The Icelandic Cricket Association has released an outline of the domestic tournaments to be staged in 2021, subject to the usual caveats regarding coronavirus restrictions.
It is intended that all the 2020 competitions will run again this year, with some small changes. The Volcanic Ashes, held during the winter and now in its seventh season, has unsurprisingly been expanded to include Hafnarfjörður and Vesturbær. In its first six seasons, it was a five-match series between Reykjavík and Kópavogur; it will now become a quadrangular tournament.
The Íslensk Premier League (ÍPL), the country’s showpiece tournament which debuted last year, will open the summer season. It’s a 20-over competition without a final; the table-topping team will be crowned champions. Once again, they will play the Iceland national team for the Samuel Gill Trophy, inaugurated last season to celebrate the former Chairman’s 20 years of playing cricket in Iceland.
Next will come the fourth edition of the Summer Solstice Sixes, played until midnight on the longest day of the year. It is hoped that an invitational Garðabær team will enter again this year, though plans for overseas clubs to enter appear to be receding owing to the continuation of travel and quarantine restrictions.
The Sixty Ball Shootout will also be expanded in the same way as the ÍPL, with the four clubs playing a league without a final. This 10-over competition was introduced at short notice last year, when the European Cricket Series Reykjavík was cancelled on the eve of its opening day.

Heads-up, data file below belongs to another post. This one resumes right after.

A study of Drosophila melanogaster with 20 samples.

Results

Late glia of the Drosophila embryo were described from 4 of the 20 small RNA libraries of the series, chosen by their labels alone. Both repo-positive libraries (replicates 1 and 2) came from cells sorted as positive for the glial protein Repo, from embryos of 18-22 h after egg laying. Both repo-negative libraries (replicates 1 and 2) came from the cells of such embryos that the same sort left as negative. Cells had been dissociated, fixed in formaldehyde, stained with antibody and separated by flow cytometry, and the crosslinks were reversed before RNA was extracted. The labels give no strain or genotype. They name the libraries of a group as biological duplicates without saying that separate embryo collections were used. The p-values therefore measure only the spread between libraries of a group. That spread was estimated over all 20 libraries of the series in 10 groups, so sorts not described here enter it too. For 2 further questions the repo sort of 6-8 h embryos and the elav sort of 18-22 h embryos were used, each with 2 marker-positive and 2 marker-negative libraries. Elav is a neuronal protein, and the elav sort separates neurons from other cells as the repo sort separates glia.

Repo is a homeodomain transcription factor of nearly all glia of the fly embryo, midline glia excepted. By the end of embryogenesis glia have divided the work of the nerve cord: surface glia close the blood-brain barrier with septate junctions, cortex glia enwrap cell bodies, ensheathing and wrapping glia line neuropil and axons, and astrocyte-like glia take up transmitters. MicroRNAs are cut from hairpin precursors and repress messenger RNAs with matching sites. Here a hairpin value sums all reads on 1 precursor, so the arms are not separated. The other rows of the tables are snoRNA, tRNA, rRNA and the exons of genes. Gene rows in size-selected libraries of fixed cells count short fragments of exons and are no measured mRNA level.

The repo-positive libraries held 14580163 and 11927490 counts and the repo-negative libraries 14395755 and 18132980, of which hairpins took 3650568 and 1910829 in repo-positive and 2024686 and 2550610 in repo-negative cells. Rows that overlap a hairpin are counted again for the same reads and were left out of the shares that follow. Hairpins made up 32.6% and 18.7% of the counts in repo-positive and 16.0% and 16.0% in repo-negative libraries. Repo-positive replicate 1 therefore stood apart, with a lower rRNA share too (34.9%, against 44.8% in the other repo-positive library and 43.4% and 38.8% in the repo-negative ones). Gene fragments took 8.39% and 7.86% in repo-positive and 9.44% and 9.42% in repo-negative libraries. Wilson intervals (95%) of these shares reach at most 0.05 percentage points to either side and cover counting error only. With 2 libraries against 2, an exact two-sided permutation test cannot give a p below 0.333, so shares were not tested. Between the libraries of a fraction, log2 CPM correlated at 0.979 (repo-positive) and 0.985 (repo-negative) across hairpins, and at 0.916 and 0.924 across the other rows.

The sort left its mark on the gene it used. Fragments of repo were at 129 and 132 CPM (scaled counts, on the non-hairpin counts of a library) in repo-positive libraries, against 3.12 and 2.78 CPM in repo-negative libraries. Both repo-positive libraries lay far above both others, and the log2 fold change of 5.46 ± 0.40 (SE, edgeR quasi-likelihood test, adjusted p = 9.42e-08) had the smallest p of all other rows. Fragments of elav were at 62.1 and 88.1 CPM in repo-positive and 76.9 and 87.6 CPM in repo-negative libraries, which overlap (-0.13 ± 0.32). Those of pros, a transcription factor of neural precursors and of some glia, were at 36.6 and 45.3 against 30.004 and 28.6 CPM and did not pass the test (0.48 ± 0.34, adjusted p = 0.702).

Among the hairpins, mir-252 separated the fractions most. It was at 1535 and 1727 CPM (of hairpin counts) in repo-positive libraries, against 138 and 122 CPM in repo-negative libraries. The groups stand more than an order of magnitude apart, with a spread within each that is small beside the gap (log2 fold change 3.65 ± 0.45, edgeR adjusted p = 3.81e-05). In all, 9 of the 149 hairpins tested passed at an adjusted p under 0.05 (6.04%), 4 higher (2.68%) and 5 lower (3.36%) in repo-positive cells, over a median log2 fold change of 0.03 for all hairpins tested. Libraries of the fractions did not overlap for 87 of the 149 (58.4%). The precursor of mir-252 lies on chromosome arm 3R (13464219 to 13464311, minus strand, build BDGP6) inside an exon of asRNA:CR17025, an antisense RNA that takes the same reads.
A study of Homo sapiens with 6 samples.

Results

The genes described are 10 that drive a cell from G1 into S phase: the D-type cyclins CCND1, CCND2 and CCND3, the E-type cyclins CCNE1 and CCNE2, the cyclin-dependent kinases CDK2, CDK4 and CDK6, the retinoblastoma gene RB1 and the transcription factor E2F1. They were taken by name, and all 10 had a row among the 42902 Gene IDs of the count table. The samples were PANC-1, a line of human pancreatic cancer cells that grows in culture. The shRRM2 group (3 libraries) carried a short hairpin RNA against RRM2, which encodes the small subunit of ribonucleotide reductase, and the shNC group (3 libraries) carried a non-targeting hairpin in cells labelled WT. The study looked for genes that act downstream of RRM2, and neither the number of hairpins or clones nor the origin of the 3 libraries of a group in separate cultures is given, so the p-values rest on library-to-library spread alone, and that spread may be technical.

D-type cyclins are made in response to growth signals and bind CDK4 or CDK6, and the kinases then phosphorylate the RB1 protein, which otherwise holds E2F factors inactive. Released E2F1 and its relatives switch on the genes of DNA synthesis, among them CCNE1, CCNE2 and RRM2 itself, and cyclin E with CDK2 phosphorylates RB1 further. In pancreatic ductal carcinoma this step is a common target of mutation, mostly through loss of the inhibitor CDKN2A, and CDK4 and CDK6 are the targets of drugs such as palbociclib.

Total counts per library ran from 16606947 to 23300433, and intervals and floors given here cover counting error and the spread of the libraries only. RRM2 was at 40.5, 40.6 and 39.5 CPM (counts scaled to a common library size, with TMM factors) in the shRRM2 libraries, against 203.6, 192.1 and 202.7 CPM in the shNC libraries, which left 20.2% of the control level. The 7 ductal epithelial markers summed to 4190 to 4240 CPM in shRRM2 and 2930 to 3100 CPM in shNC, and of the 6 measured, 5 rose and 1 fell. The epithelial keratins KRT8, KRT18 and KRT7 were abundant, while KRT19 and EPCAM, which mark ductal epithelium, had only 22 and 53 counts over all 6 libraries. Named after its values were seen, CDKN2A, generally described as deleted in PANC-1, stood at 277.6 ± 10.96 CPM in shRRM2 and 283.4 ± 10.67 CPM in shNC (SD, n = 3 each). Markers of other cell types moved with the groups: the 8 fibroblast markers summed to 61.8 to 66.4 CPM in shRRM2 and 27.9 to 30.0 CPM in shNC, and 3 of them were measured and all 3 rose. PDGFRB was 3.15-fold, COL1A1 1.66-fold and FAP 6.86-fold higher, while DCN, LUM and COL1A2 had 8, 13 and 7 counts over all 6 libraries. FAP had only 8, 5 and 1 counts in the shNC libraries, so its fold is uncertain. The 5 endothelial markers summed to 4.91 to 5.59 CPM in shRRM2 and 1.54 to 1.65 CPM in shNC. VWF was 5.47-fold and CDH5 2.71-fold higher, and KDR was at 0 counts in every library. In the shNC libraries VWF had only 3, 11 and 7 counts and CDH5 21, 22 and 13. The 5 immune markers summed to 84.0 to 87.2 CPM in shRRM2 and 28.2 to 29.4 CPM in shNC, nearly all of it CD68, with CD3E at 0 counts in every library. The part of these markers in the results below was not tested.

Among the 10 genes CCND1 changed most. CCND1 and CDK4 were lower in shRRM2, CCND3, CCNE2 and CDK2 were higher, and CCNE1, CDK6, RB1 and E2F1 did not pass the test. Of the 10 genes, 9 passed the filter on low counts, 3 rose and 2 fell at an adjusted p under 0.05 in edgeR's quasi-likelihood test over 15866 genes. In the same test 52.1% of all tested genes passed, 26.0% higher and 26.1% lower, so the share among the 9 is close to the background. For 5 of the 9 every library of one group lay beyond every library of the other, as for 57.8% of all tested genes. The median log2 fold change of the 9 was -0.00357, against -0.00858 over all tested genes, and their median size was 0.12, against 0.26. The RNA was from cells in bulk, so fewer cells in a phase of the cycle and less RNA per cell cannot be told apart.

Kópavogur remain the team to beat, having completed the treble in 2020 by claiming the Ashes, the ÍPL and the Shootout. They failed to make it four by losing the Gill. Reykjavík, who did the double in 2019, will hope to improve significantly, not least by winning a third successive Sixes title.
Coronavirus, of course, poses its customary threat. From this week, however, sporting activity has been permitted to resume indoors, with some conditions. Iceland is presently at the back-end of its second wave of infection and the authorities are understandably cautious.
David Cook, the Secretary of the Icelandic Cricket Association, was hopeful that the programme could be played out in full. “Assuming government regulations allow, this promises to be the most action-packed year in the history of Icelandic cricket. No player will suffer from lack of opportunity to stake their case for national team selection.”
There is one addition to the programme. An exhibition match called the ‘Ashes on Ice’ has been provisionally scheduled for August; it takes the form of a two-day, two-innings game between the two highest-achieving clubs of the summer. This innovation was previously attempted two years ago, but no team proved capable of batting for more than 37.5 overs. Indeed, Kópavogur’s total of 132 all out on that occasion proved to be the longest innings yet played by a domestic team in Iceland.
Cook spoke about the planned experiment. “Few of our players have ever shown the aptitude to bat longer than an hour; however, you can’t rule anything out with this crew. Remember, against all odds, the national team weren’t bowled out in either of the 50-over matches they’ve played [in 2017 and 2018],” he said.